NO ESCAPE (18)
NOCTURNAL ANIMALS (18)
D: Tom Ford
Focus Features/Fade To Black (Tom Ford & Robert Salerno)
W: Tom Ford [based on the novel "Tony & Susan" by Austin Wright]
DP: Seamus McGarvey
Ed: Joan Sobel
Mus: Abel Korzeniowski
PD: Tony Valentino
Amy Adams (Susan Morrow), Jake Gyllenhaal (Edward Sheffield / Tony Hastings), Michael Shannon (Bobby Andes), Aaron Taylor-Johnson (Ray Marcus), Armie Hammer (Hutton Morrow), Laura Linney (Anne Sutton), Isla Fisher (Laura Hastings)
Nocturnal Animals is a multi-layered thriller clearly modelled on the neo-noir style of David Lynch, which adopts a non-linear thread for its multiple storylines and is most certainly not for those with short attention spans.
Based on the novel 'Tony & Susan' by Austin Wright, the plot opens with art gallery owner Susan Morrow (Amy Adams) aggrieved with her neglectful husband when she receives an unpublished manuscript from her ex-husband, Edward Sheffield, a man who she left 20 years earlier.
As she begins to read the novel, titled Nocturnal Animals, the film within the film unfolds, with mild-mannered husband and father Tony Hastings (Jake Gyllenhaal) driving at night through rural Texas with his wife & daughter when they are driven off the road by an unruly gang, who kidnap Tony's wife and daughter and leave him for dead.
In the morning, it is discovered that Tony's wife and child have been raped and murdered, and a cancer-suffering sheriff takes on the case to bring those guilty to justice.
While Susan reads Edward's novel, she begins to reminisce on their relationship and how they were forced apart by her hard-to-please mother, who had doubts in his writing potential.
The novel takes a dark turn when the case against the guilty men gets thrown out of court and Tony and the sheriff decide to take the law into their own hands.
The multiple strands do become a little complicated to follow around the midway point, where fiction and reality do become a little blurred, but if you pay close attention, it's a very clever piece of work, with ambiguous endings to both stories which will leave you mulling over them as the end credits roll.
It's unfortunate that the film didn't get more attention during its cinema run, as it is amongst the best films of 2016. The Oscars failed to recognise it aside from a deserved nod for Best Supporting Actor (Michael Shannon), although the BAFTA's were a lot more generous, recognising it in 9 categories.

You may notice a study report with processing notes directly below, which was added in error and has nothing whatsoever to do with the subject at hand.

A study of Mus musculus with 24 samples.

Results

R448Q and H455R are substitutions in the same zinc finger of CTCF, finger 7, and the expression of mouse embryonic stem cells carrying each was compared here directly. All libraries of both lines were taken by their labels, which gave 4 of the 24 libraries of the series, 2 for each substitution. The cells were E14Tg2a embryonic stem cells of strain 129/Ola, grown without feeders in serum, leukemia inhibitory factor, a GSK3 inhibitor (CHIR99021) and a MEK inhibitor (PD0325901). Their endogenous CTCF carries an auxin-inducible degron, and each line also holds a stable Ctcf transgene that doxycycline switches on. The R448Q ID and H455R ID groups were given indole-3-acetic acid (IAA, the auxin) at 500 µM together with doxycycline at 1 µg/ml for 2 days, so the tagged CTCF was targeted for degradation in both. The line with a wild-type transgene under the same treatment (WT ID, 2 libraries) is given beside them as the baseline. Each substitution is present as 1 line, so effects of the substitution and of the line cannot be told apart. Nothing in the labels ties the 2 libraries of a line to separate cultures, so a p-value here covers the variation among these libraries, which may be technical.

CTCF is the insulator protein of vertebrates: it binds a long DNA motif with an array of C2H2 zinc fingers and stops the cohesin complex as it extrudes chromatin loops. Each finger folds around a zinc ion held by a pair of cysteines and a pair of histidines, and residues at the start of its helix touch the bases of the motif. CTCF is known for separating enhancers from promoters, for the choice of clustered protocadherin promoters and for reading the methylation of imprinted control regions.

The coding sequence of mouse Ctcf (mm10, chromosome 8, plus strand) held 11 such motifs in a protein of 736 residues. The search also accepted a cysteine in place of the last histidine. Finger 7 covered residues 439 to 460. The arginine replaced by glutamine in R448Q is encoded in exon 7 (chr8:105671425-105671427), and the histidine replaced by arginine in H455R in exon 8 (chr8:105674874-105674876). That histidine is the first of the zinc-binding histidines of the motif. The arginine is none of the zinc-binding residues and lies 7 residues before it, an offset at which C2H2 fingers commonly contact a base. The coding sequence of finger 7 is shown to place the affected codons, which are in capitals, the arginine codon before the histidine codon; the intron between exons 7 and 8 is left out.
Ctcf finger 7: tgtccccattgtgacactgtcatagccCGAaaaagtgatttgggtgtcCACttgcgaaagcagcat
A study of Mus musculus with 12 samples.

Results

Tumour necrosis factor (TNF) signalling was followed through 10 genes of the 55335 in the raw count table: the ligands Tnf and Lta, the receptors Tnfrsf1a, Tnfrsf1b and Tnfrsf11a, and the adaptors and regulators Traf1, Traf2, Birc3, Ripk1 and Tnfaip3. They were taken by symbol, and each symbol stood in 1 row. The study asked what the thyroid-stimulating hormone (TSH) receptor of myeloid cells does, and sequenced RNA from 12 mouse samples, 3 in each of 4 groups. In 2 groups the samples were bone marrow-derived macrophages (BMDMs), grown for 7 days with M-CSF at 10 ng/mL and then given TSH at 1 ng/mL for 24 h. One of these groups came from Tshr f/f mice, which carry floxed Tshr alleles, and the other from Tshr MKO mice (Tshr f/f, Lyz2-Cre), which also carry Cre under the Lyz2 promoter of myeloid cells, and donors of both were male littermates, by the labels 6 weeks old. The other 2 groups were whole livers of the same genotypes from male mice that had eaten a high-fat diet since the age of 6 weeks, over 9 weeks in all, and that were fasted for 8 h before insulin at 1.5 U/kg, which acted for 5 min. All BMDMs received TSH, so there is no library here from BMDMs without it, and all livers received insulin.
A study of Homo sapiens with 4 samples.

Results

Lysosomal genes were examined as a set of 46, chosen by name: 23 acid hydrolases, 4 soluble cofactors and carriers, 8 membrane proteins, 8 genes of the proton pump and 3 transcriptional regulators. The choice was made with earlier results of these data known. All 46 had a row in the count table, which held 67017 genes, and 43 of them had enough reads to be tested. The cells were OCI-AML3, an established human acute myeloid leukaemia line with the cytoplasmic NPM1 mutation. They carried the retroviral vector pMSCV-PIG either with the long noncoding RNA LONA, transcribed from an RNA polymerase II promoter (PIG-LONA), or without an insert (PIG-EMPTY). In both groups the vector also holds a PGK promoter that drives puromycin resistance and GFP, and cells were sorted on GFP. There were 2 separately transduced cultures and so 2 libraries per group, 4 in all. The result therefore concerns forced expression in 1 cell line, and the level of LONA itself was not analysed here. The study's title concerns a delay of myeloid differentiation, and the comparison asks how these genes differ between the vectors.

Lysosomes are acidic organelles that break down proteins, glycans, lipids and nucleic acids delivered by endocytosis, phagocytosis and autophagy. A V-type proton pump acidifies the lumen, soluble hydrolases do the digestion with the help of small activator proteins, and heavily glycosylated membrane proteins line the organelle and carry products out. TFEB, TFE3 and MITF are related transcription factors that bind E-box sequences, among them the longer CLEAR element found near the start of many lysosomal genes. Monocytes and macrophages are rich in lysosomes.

THE NUN (15)
D: Corin Hardy
Warner Bros/New Line/Atomic Monster (Peter Safran & James Wan)
W: Gary Dauberman & James Wan
DP: Maxime Alexander
Ed: Michel Aller & Ken Blackwell
Mus: Abel Korzeniowski
Demián Bichir (Father Burke), Taissa Farmiga (Sister Irene), Jonas Bloquet (Maurice 'Frenchie' Theriault), Bonnie Arens (Valak/The Nun)
The Nun is a mess of a horror movie which seemingly ties into The Conjuring series of films (which I had not even seen at the time of review).
Set in the early 1950's, a nun seemingly commits suicide at a desolate, creepy monastery in Romania and is subsequently investigated by Father Burke and his companion Sister Irene, still in her noviciate, are also accompanied by Frenchie, an irritating French-Canadian with a confusing accent.
Unholy goings-on around the Romanian convent can only mean one thing... the building is possessed by evil, explained with endless exposition scenes which lead up to a messy conclusion which is so poorly directed, it's almost impossible to tell what's going on.
The first act of film is quite atmospherically done, but it doesn't take long for the film to resort to jump scares to the point that the film merely becomes three or four quiet moments punctuated by the sudden and abrupt appearance of a heretic nun who looks like Marilyn Manson. Taissa Farmiga is fine in the lead, but the other performances are far from convincing and the attempts at comedy in the script fall very flat.
Perhaps the film should have been called The Nunjuring, so I would have done appropriate homework prior to watching.